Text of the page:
YSU to refinance debt on apartments

By Denise Dick



Students who live there shouldn’t see any change, but Youngstown State University is expected to refinance the debt on the University Courtyard Apartments.

Gene Grilli, YSU vice president for finance and administration, said a resolution from the board of trustees is expected at its next meeting.

Construction on the 408-bed facility on the east side of the Wick Oval in Smoky Hollow began in 2002. The building opened in 2003. University Housing Corporation was formed in 2001 to develop and own housing for YSU.

Back then, there was a lack of housing for students developed by private entities, and the university pursued the project to improve housing opportunities.

Initially, both YSU and UHC anticipated development of multiple housing-projects through UHC, but Courtyard is the only one.

The YSU Foundation also played a role in construction of the building.

“Our role is the guarantor, which means it wouldn’t have been built without a guarantee,” said C. Reid Schmutz, president of the foundation.

University officials say that more recently, student housing needs have been met by private developers including the Flats at Wick apartment complex.

The Courtyard project has outstanding debt of about $20.8 million. Right now, the interest rate is fixed, but that will expire in May 2012, leaving the possibility of its converting to a variable rate.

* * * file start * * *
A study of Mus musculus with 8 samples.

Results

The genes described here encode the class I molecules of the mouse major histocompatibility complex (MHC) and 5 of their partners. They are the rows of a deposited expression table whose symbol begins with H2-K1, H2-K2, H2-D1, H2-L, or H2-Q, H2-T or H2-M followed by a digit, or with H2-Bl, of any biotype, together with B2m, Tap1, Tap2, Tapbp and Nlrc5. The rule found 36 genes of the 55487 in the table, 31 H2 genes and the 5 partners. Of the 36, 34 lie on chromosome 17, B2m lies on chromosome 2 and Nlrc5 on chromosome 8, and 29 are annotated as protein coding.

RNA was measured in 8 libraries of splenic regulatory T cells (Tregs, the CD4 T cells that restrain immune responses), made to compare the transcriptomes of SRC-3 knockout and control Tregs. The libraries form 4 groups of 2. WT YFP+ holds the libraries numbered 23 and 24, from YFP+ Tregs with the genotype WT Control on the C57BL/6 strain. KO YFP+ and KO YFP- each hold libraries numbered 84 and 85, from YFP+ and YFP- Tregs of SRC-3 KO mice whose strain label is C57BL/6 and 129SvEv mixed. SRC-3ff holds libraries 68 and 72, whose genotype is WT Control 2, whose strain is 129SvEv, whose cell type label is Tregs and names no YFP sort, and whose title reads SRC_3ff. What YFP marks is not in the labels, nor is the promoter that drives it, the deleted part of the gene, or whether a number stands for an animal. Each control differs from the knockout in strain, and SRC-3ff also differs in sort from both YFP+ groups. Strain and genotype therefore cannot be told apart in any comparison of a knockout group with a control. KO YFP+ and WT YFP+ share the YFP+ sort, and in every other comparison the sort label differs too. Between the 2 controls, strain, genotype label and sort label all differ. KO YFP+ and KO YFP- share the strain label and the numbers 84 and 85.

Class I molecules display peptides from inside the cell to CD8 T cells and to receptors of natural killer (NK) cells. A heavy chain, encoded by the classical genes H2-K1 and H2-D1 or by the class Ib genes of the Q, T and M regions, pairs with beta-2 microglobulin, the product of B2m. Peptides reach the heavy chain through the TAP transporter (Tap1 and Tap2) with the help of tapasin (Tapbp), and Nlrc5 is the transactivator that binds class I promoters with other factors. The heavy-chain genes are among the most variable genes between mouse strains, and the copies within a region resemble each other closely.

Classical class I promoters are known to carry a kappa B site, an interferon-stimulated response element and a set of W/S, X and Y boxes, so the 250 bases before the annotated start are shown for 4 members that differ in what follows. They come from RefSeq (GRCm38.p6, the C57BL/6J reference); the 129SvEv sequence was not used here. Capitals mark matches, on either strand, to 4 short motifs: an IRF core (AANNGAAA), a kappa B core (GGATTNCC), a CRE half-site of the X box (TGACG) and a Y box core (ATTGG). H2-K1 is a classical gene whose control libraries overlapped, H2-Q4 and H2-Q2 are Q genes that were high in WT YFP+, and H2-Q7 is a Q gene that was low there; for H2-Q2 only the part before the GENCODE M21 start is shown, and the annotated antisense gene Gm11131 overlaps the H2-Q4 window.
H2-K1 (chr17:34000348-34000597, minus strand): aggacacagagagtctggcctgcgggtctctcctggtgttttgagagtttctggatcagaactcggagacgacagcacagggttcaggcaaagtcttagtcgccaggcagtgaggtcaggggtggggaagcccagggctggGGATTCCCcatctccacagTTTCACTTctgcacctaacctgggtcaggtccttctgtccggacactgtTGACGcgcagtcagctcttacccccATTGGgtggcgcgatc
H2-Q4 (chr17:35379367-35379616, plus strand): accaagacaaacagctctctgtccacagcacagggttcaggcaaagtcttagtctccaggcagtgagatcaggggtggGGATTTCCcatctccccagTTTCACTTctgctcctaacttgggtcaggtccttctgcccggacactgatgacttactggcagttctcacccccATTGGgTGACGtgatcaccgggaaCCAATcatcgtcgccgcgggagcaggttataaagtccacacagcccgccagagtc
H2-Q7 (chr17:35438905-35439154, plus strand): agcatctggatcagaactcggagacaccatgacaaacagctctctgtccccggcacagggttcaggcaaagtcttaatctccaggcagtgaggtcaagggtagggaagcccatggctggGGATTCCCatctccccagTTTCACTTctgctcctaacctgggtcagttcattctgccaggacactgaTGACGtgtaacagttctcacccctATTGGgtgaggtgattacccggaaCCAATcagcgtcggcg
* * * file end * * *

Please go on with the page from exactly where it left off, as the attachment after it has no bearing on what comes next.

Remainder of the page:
That’s why the issue is coming up now, Grilli said.

“We’re preparing for a process to take that debt responsibility and put it under the university,” he said.

From a bond rating perspective, UHC debt is considered YSU debt anyway since UHC is a component of the university, Grilli said.

The university likely would refinance the debt by selling long-term bonds, and the foundation no longer would be involved as the guarantor.

That would alleviate the risk for the foundation.

“If we had to cough up the money to refinance this, student scholarships would be at risk,” Schmutz said.

The university’s budget would be better able to absorb that than the foundation, he said.

UHC has a contract with Ambling Management Co., which operates the building. Jack Fahey, interim vice president for student affairs, said that contract will continue.

Students shouldn’t see a change.

“It should totally be behind the scenes other than — because the financing is better and stronger over time — they’ll save some money on the room rates,” he said.